Aquatic plants are generally categorised into three groups based on the way they grow, i.e. whether they are submerged, floating or emergent. Various semi-aquatic species also exist, as well as many herbs, shrubs and other plants that enjoy damp conditions. Australian aquatic and wetland plants are not part of a single group; they actually span many botanical families.
This international stamp issue is being issued as part of the international rate rise, coming into effect on 2 October 2017.
The Water Plants international stamp issue showcases three attractive flowering water plant species that are native to Australia. The stamp illustrations, by renowned botanical illustrator and artist Jenny Phillips, present each species in-situ and also showcase the botanical detail and beauty of each flower.
Products released in this issue
- First day cover (blank, gummed)
- Sheetlets of 5 (self-adhesive)
- Issue date
- 27 September 2017
- Issue withdrawal date
- 1 x $2.10, 1 x $2.30, 1 x $3
- Stamp design
- Jenny Phillips
- Product design
- Jo Mure
- RA Printing
- Paper - gummed
- Tullis Russell Red Phosphor/Blue PVA
- Printer - self-adhesive
- Paper - self-adhesive
- Securepost MC90/ C-Print 100/ P10P
- Printing process
- Offset lithography
- Stamp size
- 37.5mm x 26mm
- 13.86 x 14.6
- Sheet layout
- Module of 50
- FDI postmark
- Lilydale VIC 3140
- FDI withdrawal date
- 25 October 2017
Entire Marshwort (Nymphoides geminata) grows in still and slow-flowing pools, usually less than one metre deep, in New South Wales, Queensland, Victoria and South Australia. Entire Marshwort has leaves that are unscalloped, or “entire”, as well as delicate fringing on each of its five small, bright yellow petals and around the centre of the flower (it does not have a fringed central keel, however, which is what differentiates it from similar species.) Its flowers grow to around three centimetres in diameter and emerge above the water’s surface on long stalks that grow in pairs.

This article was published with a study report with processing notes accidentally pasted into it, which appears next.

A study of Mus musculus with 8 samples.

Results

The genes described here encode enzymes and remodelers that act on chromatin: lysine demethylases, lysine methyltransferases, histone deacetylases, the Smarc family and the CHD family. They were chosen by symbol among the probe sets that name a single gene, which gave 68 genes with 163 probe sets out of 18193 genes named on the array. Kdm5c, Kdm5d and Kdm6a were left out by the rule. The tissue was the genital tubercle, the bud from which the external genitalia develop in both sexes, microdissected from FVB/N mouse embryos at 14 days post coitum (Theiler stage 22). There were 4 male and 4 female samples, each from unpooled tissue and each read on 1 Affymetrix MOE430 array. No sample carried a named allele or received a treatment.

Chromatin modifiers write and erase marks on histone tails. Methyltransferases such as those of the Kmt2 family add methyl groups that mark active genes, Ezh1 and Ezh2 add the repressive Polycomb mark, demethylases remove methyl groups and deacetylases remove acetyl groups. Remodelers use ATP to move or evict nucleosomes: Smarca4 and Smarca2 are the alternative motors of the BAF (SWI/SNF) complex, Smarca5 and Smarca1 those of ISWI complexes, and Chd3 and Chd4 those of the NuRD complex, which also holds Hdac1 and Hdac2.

The striking large blue-white flowers of the Giant Waterlily (Nymphaea gigantea) grow up to 25 to 30 centimetres in diameter. They are held some 50 centimetres above both the water’s surface and its enormous toothed, floating leaves. The Giant Waterlily’s natural distribution is south-east Queensland and north-east New South Wales, though very similar species previously known as gigantea are found in the Northern Territory and Western Australia. In Indigenous culture, every part of the plant is considered edible.
Lotus Lily (Nelumbo nucifera) typically grows in the shallow tropical wetlands of Queensland and the Northern Territory, though it is also native to Asia where it is referred to as Sacred Lotus. Its large pink flowers, of around 20 centimetres in diameter, appear on stiff stems held above big, rounded leaves.
The fragrant flower of the Lotus Lily blooms for around three days, opening in the morning and closing again at night. Every part of the lotus plant can be eaten and the flowers are thermogenic. The Lotus Lily isn’t actually a water lily at all; it is part of the Nelumbonaceae family, which comprises only two species: Nelumbo nucifera and Nelumbo lutea. The most noticeable difference between the lotus and the water lily is the growing position of their leaves: lotus leaves are emergent and water lily leaves float on the water’s surface.
This content was produced at the time of the stamp issue release date and will not be updated.